I suppose you want me to DELIVER the paper, too.

Our company operates half a dozen news networks and they all have websites, Twitter feeds and –I think– Facebook pages. When I introduced our reporters to Twitter a few years ago, I made a feeble attempt to get our reporters to tweet their stories with a link back to the website. They explained they were too busy gathering and writing the news to do this, so I futzed around with RSS feeds so the stories “auto-post” to Twitter.

Since then, a few of our reporters have set up their own twitter accounts and manually post about the stories they’re covering. But for the most part, we’re still on auto-pilot.

This minor frustration was brought to mind by a story in the LA Times:

“A conversation this week in the offices of Neon Tommy, a USC student-run online news outlet, went something like this: Editor: “We should be tweeting more of the Tumblr content.” Journalist One: “You can publish automatically to Twitter from Tumblr.” Journalist Two: “But the tweets can look weird. It’s better to move the link to Bit.ly and customize it. Do your own.”

It’s pretty easy to distinguish an RSS-generated tweet from one written by a living, breathing person. The point of the story is about delivery.

“A generation ago, journalists wrote their stories and moved on to the next thing, with someone else worrying about delivery of the end product. In today’s digital world, journalists must not only create the stories but make sure they get to readers. The USC Annenberg School for Communication & Journalism created Neon Tommy as a laboratory for these practices. Students promote their work in real time, highlight the best stories by others on the Web and repurpose old content with new analysis. That’s only a start, as they push their journalism through myriad channels to reach a maximum audience.”

So what do the folks at Neon Tommy know about serving an audience. It’s #1 among web-only college news sites (6th when thrown in with those that also produce print publications — such as the No. 1 Daily Bruin at UCLA and the No. 2 Harvard Crimson.)

I don’t spend much time nagging our reporters these days. They are no longer my responsibility. And they’re all smart people who can figure out stuff for themselves. Or not.

8 thoughts on “I suppose you want me to DELIVER the paper, too.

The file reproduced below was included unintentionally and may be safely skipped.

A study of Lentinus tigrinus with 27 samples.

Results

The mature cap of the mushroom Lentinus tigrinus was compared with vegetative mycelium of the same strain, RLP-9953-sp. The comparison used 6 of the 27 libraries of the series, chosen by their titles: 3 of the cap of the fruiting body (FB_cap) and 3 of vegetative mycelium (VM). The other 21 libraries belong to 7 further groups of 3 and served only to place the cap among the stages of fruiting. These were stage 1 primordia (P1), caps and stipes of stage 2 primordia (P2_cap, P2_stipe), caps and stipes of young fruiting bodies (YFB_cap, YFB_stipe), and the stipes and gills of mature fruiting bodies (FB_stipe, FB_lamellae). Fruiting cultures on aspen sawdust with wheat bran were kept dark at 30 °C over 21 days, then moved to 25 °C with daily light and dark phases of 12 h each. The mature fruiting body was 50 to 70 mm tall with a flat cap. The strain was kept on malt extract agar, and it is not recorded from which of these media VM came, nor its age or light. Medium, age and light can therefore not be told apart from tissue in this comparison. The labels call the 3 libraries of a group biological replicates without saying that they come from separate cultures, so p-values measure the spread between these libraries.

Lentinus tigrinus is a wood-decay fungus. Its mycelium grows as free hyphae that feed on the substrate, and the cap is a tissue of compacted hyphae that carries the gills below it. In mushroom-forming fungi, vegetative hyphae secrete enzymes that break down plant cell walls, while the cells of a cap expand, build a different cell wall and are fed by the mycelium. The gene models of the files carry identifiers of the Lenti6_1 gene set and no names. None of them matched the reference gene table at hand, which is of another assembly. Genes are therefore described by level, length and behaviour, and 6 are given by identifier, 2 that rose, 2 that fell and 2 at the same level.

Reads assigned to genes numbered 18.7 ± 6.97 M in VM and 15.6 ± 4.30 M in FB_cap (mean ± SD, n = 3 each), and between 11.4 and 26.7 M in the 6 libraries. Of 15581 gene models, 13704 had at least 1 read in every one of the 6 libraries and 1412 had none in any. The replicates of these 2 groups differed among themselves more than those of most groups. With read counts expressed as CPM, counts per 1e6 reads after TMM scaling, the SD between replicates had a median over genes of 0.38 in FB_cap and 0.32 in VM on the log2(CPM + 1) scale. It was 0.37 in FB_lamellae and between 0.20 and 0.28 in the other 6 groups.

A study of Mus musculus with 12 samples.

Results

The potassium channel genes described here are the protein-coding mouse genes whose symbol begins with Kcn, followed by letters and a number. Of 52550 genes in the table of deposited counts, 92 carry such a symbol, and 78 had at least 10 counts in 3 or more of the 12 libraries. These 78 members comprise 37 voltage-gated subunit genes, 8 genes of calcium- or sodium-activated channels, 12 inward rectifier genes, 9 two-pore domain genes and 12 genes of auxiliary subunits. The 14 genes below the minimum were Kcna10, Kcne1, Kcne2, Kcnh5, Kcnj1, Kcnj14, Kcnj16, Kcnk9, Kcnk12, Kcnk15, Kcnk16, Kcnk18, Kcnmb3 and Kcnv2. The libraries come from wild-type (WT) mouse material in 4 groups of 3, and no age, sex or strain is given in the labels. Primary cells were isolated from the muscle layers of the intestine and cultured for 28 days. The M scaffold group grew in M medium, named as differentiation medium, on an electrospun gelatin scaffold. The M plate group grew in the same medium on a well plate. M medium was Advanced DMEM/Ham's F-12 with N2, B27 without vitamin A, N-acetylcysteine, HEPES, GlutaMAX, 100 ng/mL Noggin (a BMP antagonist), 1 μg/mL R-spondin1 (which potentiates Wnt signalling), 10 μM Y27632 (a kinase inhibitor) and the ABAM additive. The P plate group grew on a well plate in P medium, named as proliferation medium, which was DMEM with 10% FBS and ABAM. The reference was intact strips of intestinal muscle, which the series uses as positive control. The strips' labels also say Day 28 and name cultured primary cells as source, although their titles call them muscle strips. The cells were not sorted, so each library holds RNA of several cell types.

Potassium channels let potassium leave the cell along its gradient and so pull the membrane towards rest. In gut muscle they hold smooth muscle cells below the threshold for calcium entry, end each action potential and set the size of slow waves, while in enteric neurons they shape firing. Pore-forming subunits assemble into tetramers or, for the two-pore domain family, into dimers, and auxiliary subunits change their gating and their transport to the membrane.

1. Wait a minute. A minute-and-a-half to twitterize the headline and shorten the url? I’ll give you 60 seconds. And we’ll say you do five stories a day. Is 5 min too much time to invest to give your followers the best experience?

    But this thread is getting out of hand. Let’s end with me conceding that auto-posting from your website RSS feed is perfectly acceptable.

  2. It shouldn’t take me very long, provided I’m the author of the story.
    Using a tool like bit.ly it’s also very easy to do given it’s Twitter integration.

    I’m all in favor of a better twitter headline, but I’m not offended as a user if it’s just an RSS catch.

  3. 1. Let’s stipulate I could be wrong on this point.
    2. You’re right. The headline should be clear, concise and make the reader want to know more.

    Having said that, I think I can write a better tweet headline, given the looser style of Twitter. When I have time I’ll try to offer an example.

    But let me ask you this: How long do you think it would take you to tweet a link to a news story that was still on the monitor in front of you?

  4. shouldn’t your headline do that anyway?

    I guess the only way to tell for sure is to A-B test it.

    Have some reporter put a catchy title and have another let it feed the title automatically. See who gets more click through.

  5. A good point. But if I went to the time and effort that even a routine story requires, I’d want it to be seen by as many people as possible. I remain convinced that my chances of getting that click-through from the tweet are higher if I take 30 seconds to craft the best 140 characters I can.

  6. You know, I don’t mind auto RSS tweets as long as if there is something going on live it’s tweeted by a real person.

    What I can’t stand is auto RSS in Facebook. I would much rather have an editor choose which stories are posted to Facebook.